According to the U.S. Department of Agriculture, 14.9 percent of American households were “food insecure” last year, meaning they had trouble at some point during the year providing enough food for all of the household’s members. 6.8 million households, meanwhile, had very low food security:
— In 2011, 85.1 percent of U.S. households were food secure throughout the year. The remaining 14.9 percent (17.9 million households) were food insecure. Food-insecure households (those with low and very low food security) had difficulty at some time during the year providing enough food for all their members due to a lack of resources. The change from the 2010 estimate (14.5 percent) was not statistically significant, meaning that the difference may be due to sampling variation.
— In 2011, 5.7 percent of U.S. households (6.8 million households and one-third of all food-insecure households) had very low food security. In these households, the food intake of some household members was reduced and normal eating patterns were disrupted at times during the year due to limited resources. The prevalence of very low food security returned to the level observed in 2008 and 2009, a statistically significant increase from the 5.4-percent level of 2010.
These numbers make clear that, though the Great Recession is officially over, its effects are still being felt by households across the country. Reflecting the continued tough economic times, food stamp usage hit a record high in June.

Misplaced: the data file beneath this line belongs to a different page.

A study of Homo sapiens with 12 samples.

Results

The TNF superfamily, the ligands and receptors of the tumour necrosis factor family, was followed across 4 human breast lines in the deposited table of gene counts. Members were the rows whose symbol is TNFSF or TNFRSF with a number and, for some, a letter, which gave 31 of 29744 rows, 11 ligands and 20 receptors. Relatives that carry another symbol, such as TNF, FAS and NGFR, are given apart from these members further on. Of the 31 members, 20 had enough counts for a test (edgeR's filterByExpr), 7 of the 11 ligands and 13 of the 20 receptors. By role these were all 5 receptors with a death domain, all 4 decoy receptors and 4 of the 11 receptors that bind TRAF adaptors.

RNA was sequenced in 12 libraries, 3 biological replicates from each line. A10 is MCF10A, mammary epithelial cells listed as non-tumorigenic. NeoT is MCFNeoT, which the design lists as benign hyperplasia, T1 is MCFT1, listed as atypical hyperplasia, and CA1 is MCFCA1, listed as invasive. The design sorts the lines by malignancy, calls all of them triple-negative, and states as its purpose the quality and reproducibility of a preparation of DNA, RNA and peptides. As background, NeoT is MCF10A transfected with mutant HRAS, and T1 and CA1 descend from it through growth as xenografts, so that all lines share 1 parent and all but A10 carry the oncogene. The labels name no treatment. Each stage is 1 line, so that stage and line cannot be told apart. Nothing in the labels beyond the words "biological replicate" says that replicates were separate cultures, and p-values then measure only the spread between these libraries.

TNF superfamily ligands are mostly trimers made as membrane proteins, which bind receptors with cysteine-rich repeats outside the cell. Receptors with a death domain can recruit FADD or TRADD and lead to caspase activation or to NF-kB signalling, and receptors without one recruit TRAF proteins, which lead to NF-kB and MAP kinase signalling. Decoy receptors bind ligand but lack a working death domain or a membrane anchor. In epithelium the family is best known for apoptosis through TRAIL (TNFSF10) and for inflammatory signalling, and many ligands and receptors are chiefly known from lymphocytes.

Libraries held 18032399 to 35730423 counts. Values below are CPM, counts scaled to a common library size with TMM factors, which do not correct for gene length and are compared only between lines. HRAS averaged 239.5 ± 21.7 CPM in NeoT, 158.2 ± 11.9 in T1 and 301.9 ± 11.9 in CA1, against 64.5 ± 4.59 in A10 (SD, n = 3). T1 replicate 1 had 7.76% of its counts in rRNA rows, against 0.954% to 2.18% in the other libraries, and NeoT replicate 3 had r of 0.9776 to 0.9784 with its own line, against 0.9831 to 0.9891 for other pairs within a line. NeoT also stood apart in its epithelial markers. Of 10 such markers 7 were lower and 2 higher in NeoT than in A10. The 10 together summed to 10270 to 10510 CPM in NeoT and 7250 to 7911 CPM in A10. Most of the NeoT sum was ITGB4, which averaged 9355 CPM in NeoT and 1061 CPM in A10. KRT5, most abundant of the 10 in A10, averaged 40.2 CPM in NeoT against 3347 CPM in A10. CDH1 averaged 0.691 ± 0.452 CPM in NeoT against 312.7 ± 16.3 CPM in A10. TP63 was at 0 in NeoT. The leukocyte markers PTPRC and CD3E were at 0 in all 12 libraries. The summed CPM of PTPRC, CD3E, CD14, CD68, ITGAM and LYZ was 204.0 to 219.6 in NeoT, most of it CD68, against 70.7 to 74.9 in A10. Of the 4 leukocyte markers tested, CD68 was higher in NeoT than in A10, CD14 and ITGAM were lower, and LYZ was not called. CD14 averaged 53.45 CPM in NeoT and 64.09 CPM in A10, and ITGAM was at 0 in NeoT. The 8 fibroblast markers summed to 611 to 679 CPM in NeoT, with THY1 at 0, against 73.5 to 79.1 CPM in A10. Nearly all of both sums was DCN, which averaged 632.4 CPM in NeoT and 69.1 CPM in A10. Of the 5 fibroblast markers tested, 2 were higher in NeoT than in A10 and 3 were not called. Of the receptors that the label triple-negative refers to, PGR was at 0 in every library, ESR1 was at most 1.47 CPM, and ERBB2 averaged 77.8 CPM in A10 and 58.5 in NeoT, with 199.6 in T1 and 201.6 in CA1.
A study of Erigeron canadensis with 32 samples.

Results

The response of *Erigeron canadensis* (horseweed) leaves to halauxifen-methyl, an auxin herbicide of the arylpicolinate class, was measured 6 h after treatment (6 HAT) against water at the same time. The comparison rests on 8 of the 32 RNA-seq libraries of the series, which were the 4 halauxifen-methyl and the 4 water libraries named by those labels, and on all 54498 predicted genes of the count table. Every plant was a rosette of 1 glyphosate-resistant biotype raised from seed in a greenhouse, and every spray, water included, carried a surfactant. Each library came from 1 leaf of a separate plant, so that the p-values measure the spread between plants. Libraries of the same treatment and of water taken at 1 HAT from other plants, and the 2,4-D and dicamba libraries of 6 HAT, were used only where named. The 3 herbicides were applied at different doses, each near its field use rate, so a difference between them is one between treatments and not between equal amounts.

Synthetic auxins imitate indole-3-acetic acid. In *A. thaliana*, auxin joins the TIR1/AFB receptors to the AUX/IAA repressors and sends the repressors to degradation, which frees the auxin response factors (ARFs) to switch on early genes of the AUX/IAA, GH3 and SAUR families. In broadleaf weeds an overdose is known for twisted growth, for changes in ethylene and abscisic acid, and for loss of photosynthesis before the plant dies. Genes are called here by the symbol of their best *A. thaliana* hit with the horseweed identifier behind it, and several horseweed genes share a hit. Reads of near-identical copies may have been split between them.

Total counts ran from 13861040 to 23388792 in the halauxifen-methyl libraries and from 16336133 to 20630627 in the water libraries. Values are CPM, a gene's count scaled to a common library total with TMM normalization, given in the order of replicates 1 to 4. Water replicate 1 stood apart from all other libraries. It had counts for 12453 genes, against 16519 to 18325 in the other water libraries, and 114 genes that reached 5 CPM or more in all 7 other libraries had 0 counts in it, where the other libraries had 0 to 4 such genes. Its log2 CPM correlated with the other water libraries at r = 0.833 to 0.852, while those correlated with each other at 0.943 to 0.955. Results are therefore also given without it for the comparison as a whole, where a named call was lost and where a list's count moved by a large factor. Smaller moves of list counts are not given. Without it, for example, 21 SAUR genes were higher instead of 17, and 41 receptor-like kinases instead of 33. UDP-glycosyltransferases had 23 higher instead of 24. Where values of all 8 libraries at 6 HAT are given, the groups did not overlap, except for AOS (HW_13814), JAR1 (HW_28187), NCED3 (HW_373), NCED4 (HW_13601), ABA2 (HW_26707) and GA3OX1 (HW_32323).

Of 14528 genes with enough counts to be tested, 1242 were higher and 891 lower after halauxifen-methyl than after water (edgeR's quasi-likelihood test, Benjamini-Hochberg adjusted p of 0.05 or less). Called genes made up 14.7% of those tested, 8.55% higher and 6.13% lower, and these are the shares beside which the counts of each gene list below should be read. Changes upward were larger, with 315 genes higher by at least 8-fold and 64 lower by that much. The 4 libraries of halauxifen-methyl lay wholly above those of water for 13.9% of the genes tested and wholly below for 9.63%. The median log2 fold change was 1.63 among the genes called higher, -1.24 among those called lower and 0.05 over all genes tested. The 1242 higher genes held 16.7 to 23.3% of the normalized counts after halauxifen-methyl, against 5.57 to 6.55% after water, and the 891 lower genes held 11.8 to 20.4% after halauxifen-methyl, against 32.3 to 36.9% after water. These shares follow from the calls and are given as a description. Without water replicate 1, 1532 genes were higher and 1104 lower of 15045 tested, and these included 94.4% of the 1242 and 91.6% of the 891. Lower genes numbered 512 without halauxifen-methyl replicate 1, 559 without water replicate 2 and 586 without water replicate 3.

Republicans — who approved a budget that would have thrown millions of people off of food stamps — have used the numbers to claim that food stamps are on an “unsustainable” trajectory. “Washington needs to have a grown-up conversation about the unchecked pace of food stamp enrollment,” said Rep. Tim Huelskamp (R-KS) in a statement yesterday.
However, food stamp spending only increased (to a miniscule 0.52 percent of the economy) as a result of the recession, and is on pace to return to its normal level as the economy strengthens:
According to Center for American Progress Senior Fellow Donna Cooper, the cuts to food stamps that Republicans favor would “force America’s poorest families to forgo as many as 8.2 billion meals a year.” In the meantime, the GOP is using hungry families as a disingenuous example of government run amok.